March 23, 2009

Navajo in Deadman's Poker

Deadman's Poker: A Novel (Mass Market Paperback)From Publishers Weekly

Gambling expert, casino consultant and retired cop Tony Valentine is back, along with his grifter-made-good son, Gerry, in the satisfying sixth installment of Swain's cards-and-cons thriller series (after Mr. Lucky). Gerry's lifelong friend Jack Donovan tells Gerry he's concocted an undetectable scheme that "can beat any poker player in the world," but dies before he can let Gerry in on it. Though ruled a suicide, Gerry is convinced Jack was murdered. Gerry's investigation leads him and his reluctant father to the World Poker Showdown in Las Vegas, where they encounter tournament darling Skip DeMarco, the legally blind nephew of a notorious mobster. Every expert Tony and Gerry speak with thinks Skip is cheating, but no one can prove it—making the Valentine boys wonder to whom Jack may have told his secret before he died. As always, Swain makes his encyclopedic mastery of gambling lore and technique look easy, and he handles Gerry and Tony's turbulent relationship with thought and humor, giving weight to the parallel dynamic between Skip and his Mafia uncle. Though many of the other supporting characters are forgettable, Swain's knowledge of the con, and of his leads, make this novel a pleasure.

Review

“Mixing humor, suspense, poignancy and insider lore, Swain is one terrific writer.” –The Wall Street Journal

“Swain has hit on a winning combination. . . . [Valentine] is the kind of man you wouldn’t mind having on your side in a high-stakes poker game, let alone the game of life.” –The Washington Post Book World
Comment:  Deadman's Poker has a character named Bill Higgins who is "Navajo by birth" and has "the demeanor of a statue." After this semi-stereotypical introduction, Higgins's ethnicity is never mentioned again.

If you read the passage at the link above, you'll see no sign of his being an Indian. And no sign of his having the "the demeanor of a statue." Given his name and attitude, you'd expect him to be a typical Anglo-American. Making him a Navajo seems gratuitous--an example of tokenism.

But Higgins is apparently a continuing character in the series. Here's a passage from an earlier book, Sucker Bet, about the fictitious Micanopy casino in Florida:At seven the next morning, Chief Running Bear, leader of the Micanopy nation, sat in his double-wide trailer a hundred yards behind the casino, staring at a pair of identical TV sets. Two hours earlier, a phone call had awoken him from a deep sleep, and now he rubbed his eyes tiredly while staring at the dueling images. On one TV, a casino surveillance film showed an employee named Jack Lightfoot dealing blackjack. A player at Lightfoot's table had won eighty-four hands in a row, a feat that Running Bear knew was statistically impossible. The player had never touched the cards, ruling out sleight of hand. There was only one logical explanation: Lightfoot had rigged the game. On the other TV, a second surveillance film showed Lightfoot standing in the casino parking lot, smoking a cigarette. Before running the tapes, Running Bear had gone through Lightfoot's personnel file. He was a Navajo and had come to work for the Micanopys with a glowing reference from Bill Higgins, another Navajo, who happened to run the Nevada Gaming Control Board. Indians did not lie to other Indians, and Running Bear could remember Higgins's words as if it were yesterday. Jack wont let you down, Higgins had said. Running Bear shook his head. Jack Lightfoot had let him down. He was a cheat, and a damn good one. Bill Higgins had once bragged to Running Bear that he knew every goddamned cheater in the country. So why hadn't he known about this one?This passage has several problems:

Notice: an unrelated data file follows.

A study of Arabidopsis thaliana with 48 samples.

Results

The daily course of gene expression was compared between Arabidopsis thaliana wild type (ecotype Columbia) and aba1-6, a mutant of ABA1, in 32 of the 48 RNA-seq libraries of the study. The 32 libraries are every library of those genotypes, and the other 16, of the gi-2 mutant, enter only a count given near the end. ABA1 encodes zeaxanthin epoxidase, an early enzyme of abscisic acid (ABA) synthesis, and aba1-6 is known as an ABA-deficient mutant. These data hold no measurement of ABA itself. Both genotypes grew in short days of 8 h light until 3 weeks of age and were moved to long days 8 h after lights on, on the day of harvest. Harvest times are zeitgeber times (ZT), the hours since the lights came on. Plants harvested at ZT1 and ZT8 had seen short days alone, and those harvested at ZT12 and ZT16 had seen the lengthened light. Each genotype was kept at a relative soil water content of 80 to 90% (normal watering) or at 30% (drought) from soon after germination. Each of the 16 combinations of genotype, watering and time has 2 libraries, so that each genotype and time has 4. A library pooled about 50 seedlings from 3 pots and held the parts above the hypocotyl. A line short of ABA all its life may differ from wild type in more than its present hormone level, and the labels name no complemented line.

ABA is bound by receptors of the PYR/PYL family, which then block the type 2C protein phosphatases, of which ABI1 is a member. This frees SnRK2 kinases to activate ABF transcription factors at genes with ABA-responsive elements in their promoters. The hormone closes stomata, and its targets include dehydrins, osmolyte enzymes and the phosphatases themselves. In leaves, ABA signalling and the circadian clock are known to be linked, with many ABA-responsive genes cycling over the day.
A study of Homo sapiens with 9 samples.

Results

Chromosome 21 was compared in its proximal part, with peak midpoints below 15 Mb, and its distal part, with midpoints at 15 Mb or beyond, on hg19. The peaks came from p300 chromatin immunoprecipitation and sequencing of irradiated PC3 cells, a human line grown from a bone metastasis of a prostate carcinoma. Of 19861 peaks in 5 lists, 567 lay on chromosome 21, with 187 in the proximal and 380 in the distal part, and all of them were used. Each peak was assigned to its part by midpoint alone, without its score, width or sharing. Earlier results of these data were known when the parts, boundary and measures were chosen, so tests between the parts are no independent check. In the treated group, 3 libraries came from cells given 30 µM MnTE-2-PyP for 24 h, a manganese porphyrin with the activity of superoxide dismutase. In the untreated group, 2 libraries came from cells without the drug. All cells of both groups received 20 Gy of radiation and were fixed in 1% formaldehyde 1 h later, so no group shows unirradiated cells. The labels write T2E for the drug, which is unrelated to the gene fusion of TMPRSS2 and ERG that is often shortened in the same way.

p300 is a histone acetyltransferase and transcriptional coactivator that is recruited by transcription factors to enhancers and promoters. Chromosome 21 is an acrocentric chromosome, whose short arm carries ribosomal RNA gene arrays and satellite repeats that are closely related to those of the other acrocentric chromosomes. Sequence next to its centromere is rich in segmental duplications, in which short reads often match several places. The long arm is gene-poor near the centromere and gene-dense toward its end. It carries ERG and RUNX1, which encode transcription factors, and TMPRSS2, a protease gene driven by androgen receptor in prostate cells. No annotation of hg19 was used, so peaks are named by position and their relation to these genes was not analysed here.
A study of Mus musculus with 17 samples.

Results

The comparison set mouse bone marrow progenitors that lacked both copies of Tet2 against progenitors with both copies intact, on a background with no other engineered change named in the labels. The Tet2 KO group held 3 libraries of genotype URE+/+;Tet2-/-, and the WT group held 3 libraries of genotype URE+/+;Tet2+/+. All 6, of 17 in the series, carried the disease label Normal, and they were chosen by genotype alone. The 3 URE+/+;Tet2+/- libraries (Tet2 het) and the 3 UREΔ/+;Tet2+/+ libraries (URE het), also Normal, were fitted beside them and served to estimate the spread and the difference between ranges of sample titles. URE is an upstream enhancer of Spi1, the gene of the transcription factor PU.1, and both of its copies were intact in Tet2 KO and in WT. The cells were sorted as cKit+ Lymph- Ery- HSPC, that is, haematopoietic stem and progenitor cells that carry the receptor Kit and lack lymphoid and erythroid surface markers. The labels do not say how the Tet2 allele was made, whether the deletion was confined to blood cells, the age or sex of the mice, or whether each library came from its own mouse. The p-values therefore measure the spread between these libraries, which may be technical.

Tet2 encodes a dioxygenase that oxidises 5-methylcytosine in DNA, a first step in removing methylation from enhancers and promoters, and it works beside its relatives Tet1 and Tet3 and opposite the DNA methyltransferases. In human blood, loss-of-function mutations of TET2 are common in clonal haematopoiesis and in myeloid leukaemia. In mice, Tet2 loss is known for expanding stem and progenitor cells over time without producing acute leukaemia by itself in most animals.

• A Florida Indian with the stereotypical name "Running Bear."

  • A chief monitoring a casino floor himself. This is unlikely and probably illegal. Tribal gaming regulators are supposed be independent of the tribal chief and council.

  • The claim that Indians don't lie to each other.

  • A later claim that Indians can't tell white people apart.

  • In short, it seems author Swain doesn't write Indians very well.

    Despite these comments, Deadman's Poker is a good read (or listen, in my case). I'd give the first two-thirds of the book an 8.5 for keeping me hooked. But then it gets sidetracked and loses steam. The last third of the book is only a 7.0 or so and it ends abruptly--to be continued in the next volume.

    Overall rating: 8.0 of 10. Fun if you know Las Vegas and casinos and want to know how cheaters and scam artists play their tricks.

    For more on the subject, see The Best Indian Books.

    1 comment:

    Melvin Martin said...

    Then, to me, the novel is shabbily researched - which always diminishes my enjoyment of any story in whatever format (especially cinema).

    But then, I'm the kind of reader-viewer that notices discrepancies that most people are not even remotely aware of.

    But then again, there are people who are truly world masters at picking out such errors - like a friend of mine that I went to see one of the Star Wars movies with back in the early '80s. After the movie, over a few double mint juleps, she listed about 40 bloopers that were all high-tech related that I would never had known about, e.g., in aerodynamics, astrophysics, linguistics, et al.